I have to confess. I never thought I would be the ‘tarot lady’. I coined this name for myself after I ordered my second set of angel tarot cards from Doreen Virtue.
I remember the hot summer days in India, when holidays were on. We would sip on lemonade, eat kaccha(unripe) mangoes with chilli powder and salt and watch cricket matches. There was an interesting phenomenon those days- to couple cricket matches(at least the important ones like the World Cup), with predictions on who will win. Tarot card experts were called on television along with celebrated astrologers analysing every detail of the player’s kundali (horoscope) coupled with what positions the planets would be at during the time the match would be played.
At that time, whenever I observed the tarot ladies, some attributes were common amongst all of them- long hair, big bindi(a coloured mark or jewel worn by women between the eyebrows) and rings the size of laddoos(ball shaped sweets). They were the more colourfully dressed cousins of the crystal ball ladies who mostly locked themselves in dark dingy rooms and had a cloud of anger in their eyes, possibly due to what they saw in the crystal balls. Also, the crystal ball ladies mostly had long bindis almost like the pitch of the cricket field, with the rest of the face being the stadium.
It used to surprise me that something as simple as drawing out cards from a deck could predict the future. Could the future be so simple to predict? Could the output of cricket matches be so simple to predict, a game which required the players and the audience to participate equally in a dance of togetherness and complexity which even the best mathematicians would fail to explain the equation of?
Complex, you think? What is so complex about a guy hitting a ball with a rectangular shaped bat and 11 guys running after the ball trying to make sure that it doesn’t hit the rope circling the stadium?
It runs far deeper my friend, just like the iceberg which hit Titanic. You see, superstitions ran rife during the cricket season. People would gather in their living rooms and watch the match. If you(as a television viewer sitting at your house which you paid the rent for) stood up and the wicket of the opposing team fell, a comment would always be made – ” Couldn’t you have stood up earlier? Now keep standing.” Of course, you would have to do it, because the entire country’s fate and happiness lay on the feet which bore your weight. If you think this is simple, think again. India has a population of 1,256 million. This superstition was not just related to people standing and sitting, but people farting, eating, lying down, laughing and so on. So if you farted when the wicket fell, it would be considered in the best interest of the country for you to keep farting. This whole ordeal made the viewers as important as the cricket players. The combination of people farting, eating, lying down, laughing, standing, sneezing, coughing and so on made it a complex science rather than a simple sport which determined a winning and losing side.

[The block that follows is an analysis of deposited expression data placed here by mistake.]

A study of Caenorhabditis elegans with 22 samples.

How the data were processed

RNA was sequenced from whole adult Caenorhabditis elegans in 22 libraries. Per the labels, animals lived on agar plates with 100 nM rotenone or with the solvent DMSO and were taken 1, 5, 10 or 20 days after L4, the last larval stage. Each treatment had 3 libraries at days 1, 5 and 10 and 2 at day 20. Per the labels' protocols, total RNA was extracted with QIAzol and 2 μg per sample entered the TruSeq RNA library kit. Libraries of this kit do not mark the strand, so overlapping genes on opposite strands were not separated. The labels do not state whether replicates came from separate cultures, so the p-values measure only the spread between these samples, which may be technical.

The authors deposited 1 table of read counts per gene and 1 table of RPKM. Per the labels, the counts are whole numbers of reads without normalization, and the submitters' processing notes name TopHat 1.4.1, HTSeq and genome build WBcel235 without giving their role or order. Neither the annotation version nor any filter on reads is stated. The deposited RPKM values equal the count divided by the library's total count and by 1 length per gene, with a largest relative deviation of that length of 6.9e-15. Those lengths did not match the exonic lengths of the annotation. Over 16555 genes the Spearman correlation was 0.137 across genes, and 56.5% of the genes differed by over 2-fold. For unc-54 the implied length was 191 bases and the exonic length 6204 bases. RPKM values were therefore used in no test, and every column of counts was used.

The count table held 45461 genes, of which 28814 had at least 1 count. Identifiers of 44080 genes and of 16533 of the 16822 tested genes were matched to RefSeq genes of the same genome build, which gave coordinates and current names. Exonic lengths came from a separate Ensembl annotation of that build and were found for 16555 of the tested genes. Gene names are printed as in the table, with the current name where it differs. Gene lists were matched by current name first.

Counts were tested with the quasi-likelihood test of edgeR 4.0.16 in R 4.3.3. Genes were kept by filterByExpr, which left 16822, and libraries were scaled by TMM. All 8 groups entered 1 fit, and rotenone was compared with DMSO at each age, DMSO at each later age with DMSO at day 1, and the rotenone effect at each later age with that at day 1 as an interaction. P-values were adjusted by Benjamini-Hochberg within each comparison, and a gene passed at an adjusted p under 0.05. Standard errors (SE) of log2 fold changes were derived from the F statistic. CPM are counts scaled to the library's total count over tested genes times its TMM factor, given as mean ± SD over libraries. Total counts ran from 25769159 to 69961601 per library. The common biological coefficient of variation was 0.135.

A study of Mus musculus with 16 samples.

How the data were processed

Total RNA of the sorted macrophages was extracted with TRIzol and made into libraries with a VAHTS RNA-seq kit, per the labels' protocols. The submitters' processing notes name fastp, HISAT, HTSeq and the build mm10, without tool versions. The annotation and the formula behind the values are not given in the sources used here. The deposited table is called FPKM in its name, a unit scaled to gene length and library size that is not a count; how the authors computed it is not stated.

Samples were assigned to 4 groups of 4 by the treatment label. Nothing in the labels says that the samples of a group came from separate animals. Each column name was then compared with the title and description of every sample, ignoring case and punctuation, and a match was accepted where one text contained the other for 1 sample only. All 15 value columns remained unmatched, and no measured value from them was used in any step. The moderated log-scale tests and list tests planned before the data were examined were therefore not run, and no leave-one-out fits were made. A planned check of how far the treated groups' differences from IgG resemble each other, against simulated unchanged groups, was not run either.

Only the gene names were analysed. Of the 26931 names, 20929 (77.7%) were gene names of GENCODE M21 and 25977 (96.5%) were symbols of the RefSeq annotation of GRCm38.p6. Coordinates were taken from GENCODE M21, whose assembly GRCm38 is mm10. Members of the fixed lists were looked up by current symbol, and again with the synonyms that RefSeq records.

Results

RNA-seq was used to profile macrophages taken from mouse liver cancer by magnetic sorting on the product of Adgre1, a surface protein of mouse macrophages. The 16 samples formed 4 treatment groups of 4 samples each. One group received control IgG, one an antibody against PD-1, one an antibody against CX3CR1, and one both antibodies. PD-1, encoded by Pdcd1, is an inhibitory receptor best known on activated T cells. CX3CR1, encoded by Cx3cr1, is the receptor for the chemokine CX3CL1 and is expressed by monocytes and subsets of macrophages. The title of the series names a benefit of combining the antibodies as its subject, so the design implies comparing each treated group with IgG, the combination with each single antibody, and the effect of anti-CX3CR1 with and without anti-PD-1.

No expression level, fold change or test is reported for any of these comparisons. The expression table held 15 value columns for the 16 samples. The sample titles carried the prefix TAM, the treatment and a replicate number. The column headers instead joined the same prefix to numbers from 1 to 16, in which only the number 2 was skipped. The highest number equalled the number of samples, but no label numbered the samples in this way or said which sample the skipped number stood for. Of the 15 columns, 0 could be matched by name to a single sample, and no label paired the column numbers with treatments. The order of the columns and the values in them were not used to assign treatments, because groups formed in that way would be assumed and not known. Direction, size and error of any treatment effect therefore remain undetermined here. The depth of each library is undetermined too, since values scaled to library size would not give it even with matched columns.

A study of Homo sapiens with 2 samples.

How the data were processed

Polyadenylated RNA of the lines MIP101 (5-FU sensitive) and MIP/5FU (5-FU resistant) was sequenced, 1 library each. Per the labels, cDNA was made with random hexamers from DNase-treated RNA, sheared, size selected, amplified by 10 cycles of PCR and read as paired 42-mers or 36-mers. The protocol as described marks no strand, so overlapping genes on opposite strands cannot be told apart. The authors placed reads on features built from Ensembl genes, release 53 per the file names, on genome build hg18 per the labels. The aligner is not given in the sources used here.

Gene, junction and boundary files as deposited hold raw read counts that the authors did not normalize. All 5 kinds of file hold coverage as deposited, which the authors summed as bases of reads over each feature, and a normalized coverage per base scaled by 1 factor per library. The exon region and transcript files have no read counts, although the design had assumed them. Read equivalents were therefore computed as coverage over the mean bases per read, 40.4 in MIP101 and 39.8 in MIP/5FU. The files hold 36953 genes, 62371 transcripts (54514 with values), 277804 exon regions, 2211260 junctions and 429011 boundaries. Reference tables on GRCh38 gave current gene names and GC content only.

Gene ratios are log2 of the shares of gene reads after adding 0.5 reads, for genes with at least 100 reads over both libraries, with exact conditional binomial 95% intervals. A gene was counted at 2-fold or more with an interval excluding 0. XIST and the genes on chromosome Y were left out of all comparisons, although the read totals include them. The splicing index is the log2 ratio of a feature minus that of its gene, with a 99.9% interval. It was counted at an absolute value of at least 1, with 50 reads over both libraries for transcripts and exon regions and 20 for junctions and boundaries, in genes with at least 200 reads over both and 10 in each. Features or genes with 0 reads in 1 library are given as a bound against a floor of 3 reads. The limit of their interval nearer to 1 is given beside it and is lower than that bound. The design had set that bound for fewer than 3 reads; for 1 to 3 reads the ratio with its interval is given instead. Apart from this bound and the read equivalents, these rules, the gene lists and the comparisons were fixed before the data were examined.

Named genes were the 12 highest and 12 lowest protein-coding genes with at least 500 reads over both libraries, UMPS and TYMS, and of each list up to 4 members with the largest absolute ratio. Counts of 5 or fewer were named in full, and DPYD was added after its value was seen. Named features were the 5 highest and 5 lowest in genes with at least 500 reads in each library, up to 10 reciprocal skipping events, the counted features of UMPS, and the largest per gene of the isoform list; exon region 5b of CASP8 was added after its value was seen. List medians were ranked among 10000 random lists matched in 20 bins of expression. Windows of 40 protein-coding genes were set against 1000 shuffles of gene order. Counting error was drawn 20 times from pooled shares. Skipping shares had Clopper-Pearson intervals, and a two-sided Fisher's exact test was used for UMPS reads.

And there was no question of replacements either. If you sneezed when the wicket fell, you were the chosen one and no one else sneezing would help. In fact, it was believed(and still is) that it might spoil the fate of the game, and the sneezer would help the opposing team score a boundary. Gasp!
The science and combinations of winning the match was achieved by hit and trial and pure observation. But the tarot cards made it sound simple, as though nothing we, as the television viewers, did was of importance, because if it was written in the cards, it was true. Where did all the sneezing, laughing, farting etc that the junta did come into picture if it was so simple? I was in denial for many years, refusing to believe tarot cards and even astrology to some extent.
Things started changing when I started watching some people doing angel card readings and the readings came out to be true. I watched the videos each week and bingo! They were right on target.
My conflict about cricket matches and tarot cards resolved greatly because I almost stopped watching cricket, ever since Rahul Dravid made his exit(and got married).
I then bought one of the angel tarot cards, with all my insecurities about the simplicity with which future was predicted. It turned out to be more of a general guideline rather than a cast-in-stone predictions. I ordered my second set yesterday, because one deck predicting the general guidelines to follow in life was too difficult to comprehend for me. Now I have labelled myself the tarot lady, but I don’t wear large rings, large bindis(I think my forehead is too small for those) and my hair is cropped short. So much for stereotypes!